Dermatitis is a condition that leaves skin itchy, scratchy, and inflamed - just like some viruses can! But is it itself a virus? We take a look at the link between dermatitis and viral infections.
Dermatitis is an irritation of the skin, which can make it itchy, dry and inflamed. Some types of dermatitis are caused by direct contact with irritating substances (things like pollen, pet hair, dust, detergents, nickel, perfume etc.), while others have less obvious triggers! We’ve already looked at how stress can affect the skin, but what’s the connection between dermatitis and infection?
First things first: dermatitis is not itself a viral infection; it isn’t a single organism at all, but just a way of describing a problem with how the skin reacts.
Viruses on the other hand, are microscopic, infectious parasitic agents, tiny molecular machines that move into a host to ‘hack’ their cells and multiply.
So the one is not the other. However, there’s clear evidence that people with atopic dermatitis are more vulnerable to skin infections, both bacterial and viral.
Bacteria (like staphylococcus and streptococcus) can take hold on skin affected by dermatitis because the skin barrier, which is there to keep bacteria out, is faulty. It’s like the skin is wearing a cotton shirt rather than a waterproof coat; it’s just not as effective a protective layer. So bacteria that are around on surfaces and in the air have more chance of entering the body and causing an infection.
But what about viruses? There are certain viruses that affect the skin, not just as a viral rash, (like measles, and which isn’t related to dermatitis at all), but as an actual infection of the skin. It’s been shown that people with chronic dermatitis are more likely to have widespread disseminated viral infections, both because infection is more likely through an impaired skin barrier, but also because eczema involves a problem with the body’s immune system response.
The most well-known of eczema-related viral infections is herpes simplex 1; this is the virus which usually causes cold sores around the mouth, but if someone is suffering from dermatitis, herpes can take hold across a wide area of skin. The resulting infection of eczematous skin is called ‘eczema herpeticum’, and can become a serious problem. It can occur in people with atopic dermatitis, seborrheic dermatitis and even contact dermatitis; while generally more common in children, it can affect anyone at any age.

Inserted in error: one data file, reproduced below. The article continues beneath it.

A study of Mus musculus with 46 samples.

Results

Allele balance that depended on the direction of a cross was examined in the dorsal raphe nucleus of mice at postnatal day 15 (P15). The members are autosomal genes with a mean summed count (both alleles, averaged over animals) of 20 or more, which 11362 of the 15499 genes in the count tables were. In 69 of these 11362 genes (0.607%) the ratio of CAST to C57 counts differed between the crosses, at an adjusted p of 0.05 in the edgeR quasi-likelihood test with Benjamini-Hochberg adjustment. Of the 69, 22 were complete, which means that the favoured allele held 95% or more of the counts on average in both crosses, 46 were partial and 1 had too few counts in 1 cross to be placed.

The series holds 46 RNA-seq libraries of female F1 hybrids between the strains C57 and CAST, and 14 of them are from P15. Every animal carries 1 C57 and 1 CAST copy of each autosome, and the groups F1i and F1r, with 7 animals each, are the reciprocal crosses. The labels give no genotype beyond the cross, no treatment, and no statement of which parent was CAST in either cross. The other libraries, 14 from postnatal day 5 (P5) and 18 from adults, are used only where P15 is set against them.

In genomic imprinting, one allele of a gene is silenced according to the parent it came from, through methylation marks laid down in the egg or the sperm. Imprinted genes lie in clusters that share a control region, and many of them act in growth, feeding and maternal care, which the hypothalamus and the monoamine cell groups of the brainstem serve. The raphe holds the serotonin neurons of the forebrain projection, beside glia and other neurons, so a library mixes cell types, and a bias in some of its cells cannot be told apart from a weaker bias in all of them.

Herpes simplex is spread through direct skin-to-skin contact, as bacteria infections can be. It typically appears on the face as fluid-filled blisters or spots, and tends to be itchy and painful. Sufferers tend to feel unwell, as this is a systemic virus, and can have fevers and swollen lymph nodes. It’s recommended that anyone suffering from eczema herpeticum is treated with antivirals as soon as possible, to stop it spreading further or causing damage to eyes.
The other well-known virus that can infect the skin is molluscum contagiosum; people - children particularly - with atopic dermatitis are more prone to this virus, but although persistent, it doesn’t tend to be harmful. When molluscum contagiosum and eczema coincide, it’s known as eczema molluscum; the scratching and itching of eczema can make the molluscum spread further.
So while the answer to the original question - is dermatitis a virus? - is no, there is a connection between a few specific viruses and dermatitis.
Here are a few tips to help prevent or minimise a viral infection if you’ve got atopic dermatitis:
Support your body’s immune system to function as well as possible with a good diet, plenty of rest, and stress management techniques.
Try not to scratch! Scratching both damages the skin, leads to further itchiness, and increases the likelihood of an infection taking hold, and spreading once you’re infected. Easier said than done of course, but using gauze coverings, dermatological gloves, keeping nails short and clean, distraction techniques and antihistamines are all effective strategies.
Recommended products for skin prone to dermatitis:
Balmonds Skin Salvation
with hemp and beeswax
Balmonds Daily Moisturising Cream
with shea butter and calendula
Bath & Body Oil
with lavender, hemp and olive
If you require medical advice we recommend you always contact your healthcare professional.
If you or someone you are caring for seems very unwell, is getting worse or you think there's something seriously wrong, call for emergency services straight away. For general medical advice, please contact your healthcare professional, this article does not contain or replace medical advice.
Do not delay getting help if you're worried. Trust your instincts.